November 26, 2018

DAY 1

“Boys! Time for supper!”

The screen door slammed behind us as we thundered into the kitchen.

“It smells really good, Grandma! What are we having?”

She was standing at the stove, wearing the no-frills blue-and-white apron she’d brought from home, moving mashed potatoes from a kettle into a serving bowl.

“Roast beef,” she said. “Wash your hands.”

My brothers and I elbowed each other for a position at the kitchen sink. “And wash them good,” Grandma added. “I’m going to inspect them!”

She did, and we all passed.

“Where did Mom and Dad go again?” I asked as I forked a third helping of roast beef off the serving platter onto my plate.

“Las Vegas,” Grandma said.

“What’s there?”

“Singing and dancing and places where people gamble.”

“And beer!” my brother said. I never realized he knew so much about Las Vegas.

We’d only eaten half of the roast beef, but between the meat and the mashed potatoes, the scalloped corn and the lime Jell-O garnished with crushed pineapple, Grandma had done the nearly impossible: she’d sent three growing boys away from the supper table uncomfortably full.

“Thanks for supper, Grandma,” my worldly brother said. “That was even better than Mom’s!”

Her eyes twinkled at the compliment.

DAY 2

“Boys! Time for supper!”

The screen door slammed behind a three-boy stampede. Grandma had promised that she was going to bake an apple pie while we were at school, and I still had fond recollections of roast beef and mashed potatoes.

“It smells good, Grandma! What are we having?”

“Hot roast beef sandwiches. Wash your hands …”

In a meat-and-potatoes home it was pretty exotic, even though it was mostly meat and potatoes: a slice of Wonder Bread covered with roast beef that seemed vaguely familiar, topped by a ball of mashed potatoes (also familiar), drizzled with thick brown gravy.

Mom NEVER made something like that!

“It’s really good, Grandma,” I said while she built me a second sandwich. “Put extra gravy on it!”

“I wonder what Mom and Dad are doing,” my brother said.

“Maybe they’re at a show,” Grandma said. “They wanted to see Liberace.”

“What’s that?” I asked. Grandma explained that Liberace wasn’t a “what,” it was a “who.” It didn’t sound like much fun to me.

I finished my second sandwich. Barely.

DAY 3

“Boys! Time for supper!”

Six Red Ball Jets pounded into the kitchen and the screen door banged against its aluminum frame.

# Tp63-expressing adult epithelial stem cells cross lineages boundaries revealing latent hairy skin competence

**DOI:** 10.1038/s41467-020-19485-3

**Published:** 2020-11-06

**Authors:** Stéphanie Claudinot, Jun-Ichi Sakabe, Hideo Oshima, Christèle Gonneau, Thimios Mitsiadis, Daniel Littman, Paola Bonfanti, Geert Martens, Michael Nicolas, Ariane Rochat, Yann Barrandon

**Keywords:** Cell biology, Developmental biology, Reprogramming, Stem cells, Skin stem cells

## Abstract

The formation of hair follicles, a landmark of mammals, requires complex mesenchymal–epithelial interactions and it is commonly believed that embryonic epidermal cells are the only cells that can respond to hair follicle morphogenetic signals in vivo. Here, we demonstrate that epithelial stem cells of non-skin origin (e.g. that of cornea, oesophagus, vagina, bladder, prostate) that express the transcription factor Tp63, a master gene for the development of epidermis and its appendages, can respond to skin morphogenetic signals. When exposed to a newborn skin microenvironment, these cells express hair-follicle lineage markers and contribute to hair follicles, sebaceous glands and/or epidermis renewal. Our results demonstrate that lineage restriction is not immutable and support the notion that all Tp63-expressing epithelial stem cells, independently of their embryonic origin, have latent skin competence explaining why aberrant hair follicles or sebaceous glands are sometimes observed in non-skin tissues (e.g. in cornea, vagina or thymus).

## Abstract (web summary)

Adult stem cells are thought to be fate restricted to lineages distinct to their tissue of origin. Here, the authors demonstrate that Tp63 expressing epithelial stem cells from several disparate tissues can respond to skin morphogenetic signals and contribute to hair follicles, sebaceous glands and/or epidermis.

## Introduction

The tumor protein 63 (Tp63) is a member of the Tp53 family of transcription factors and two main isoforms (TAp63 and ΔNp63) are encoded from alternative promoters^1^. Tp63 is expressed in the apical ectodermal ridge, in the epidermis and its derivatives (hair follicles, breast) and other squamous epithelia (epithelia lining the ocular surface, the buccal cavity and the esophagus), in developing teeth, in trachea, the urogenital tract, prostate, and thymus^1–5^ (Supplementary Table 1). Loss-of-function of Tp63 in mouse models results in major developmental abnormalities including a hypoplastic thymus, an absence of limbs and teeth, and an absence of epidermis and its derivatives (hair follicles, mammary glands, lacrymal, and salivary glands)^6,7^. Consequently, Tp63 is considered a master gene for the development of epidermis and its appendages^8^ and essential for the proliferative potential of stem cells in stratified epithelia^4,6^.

“Are you hungry?” Grandma asked from her familiar spot in front of the stove

“Yeah!” we all said together. “What are we having?” I was curious about the thing on the counter; I’d seen it tucked into a back corner of one of the kitchen cabinets, the one where mom kept the walnut chopper, the apple corer and the Veg-O-Matic. But I’d never seen her use it.

“Ground roast beef sandwiches and fried potatoes,” Grandma said.

My brothers and I looked at each other skeptically. Mom would have just called them “leftovers,” but Grandma actually gave them a name.

“What’s this?” my brother asked, picking up the thing on the counter. “It’s heavy.”

“A meat grinder,” Grandma said. “Wash your hands and sit down.”

She wiped her own hands on the blue-and-white apron, wrapped a pot holder around the handle of a cast iron skillet and used a spatula to add a mound of steaming, finely chopped meat to our plates. My brother poked at it experimentally with his fork. “I don’t like it,” he announced.

“You haven’t even tried it,” Grandma said. She carried a second skillet from the stove and gave us each a hamburger patty-sized disk of fried mashed potatoes.

“Didn’t we have this last night?” my brother asked.

And the night before, I thought.

“We don’t waste food,” Grandma said, answering the question without answering it. “There are a lot of starving people in the world.”

It wasn’t bad, but no one asked for seconds.

DAY 4

“Boys! Time for supper!”

The screen door eased shut behind us.

The only smell in the kitchen was from the Ajax that Grandma had used to scrub the sink.

“What are we having, Grandma?”

“Sandwiches,” she said. “There’s a little bit of cold roast beef left …”

We lined up at the sink to wash our hands and didn’t even bother elbowing each other out of the way.

“Your mom called while you were at school,” Grandma said. “All the way from Las Vegas! They’ll be home tonight, after you go to bed. She said they had supper at one of the big fancy hotels You know what they had? Roast beef!”

I ate my roast beef sandwich and thought about starving people. Then I asked for seconds.

“It was really good, Grandma,” I said.

Her eyes twinkled at the compliment.

I don’t know much about Las Vegas, but I’ll bet the roast beef there isn’t as good as Grandma’s.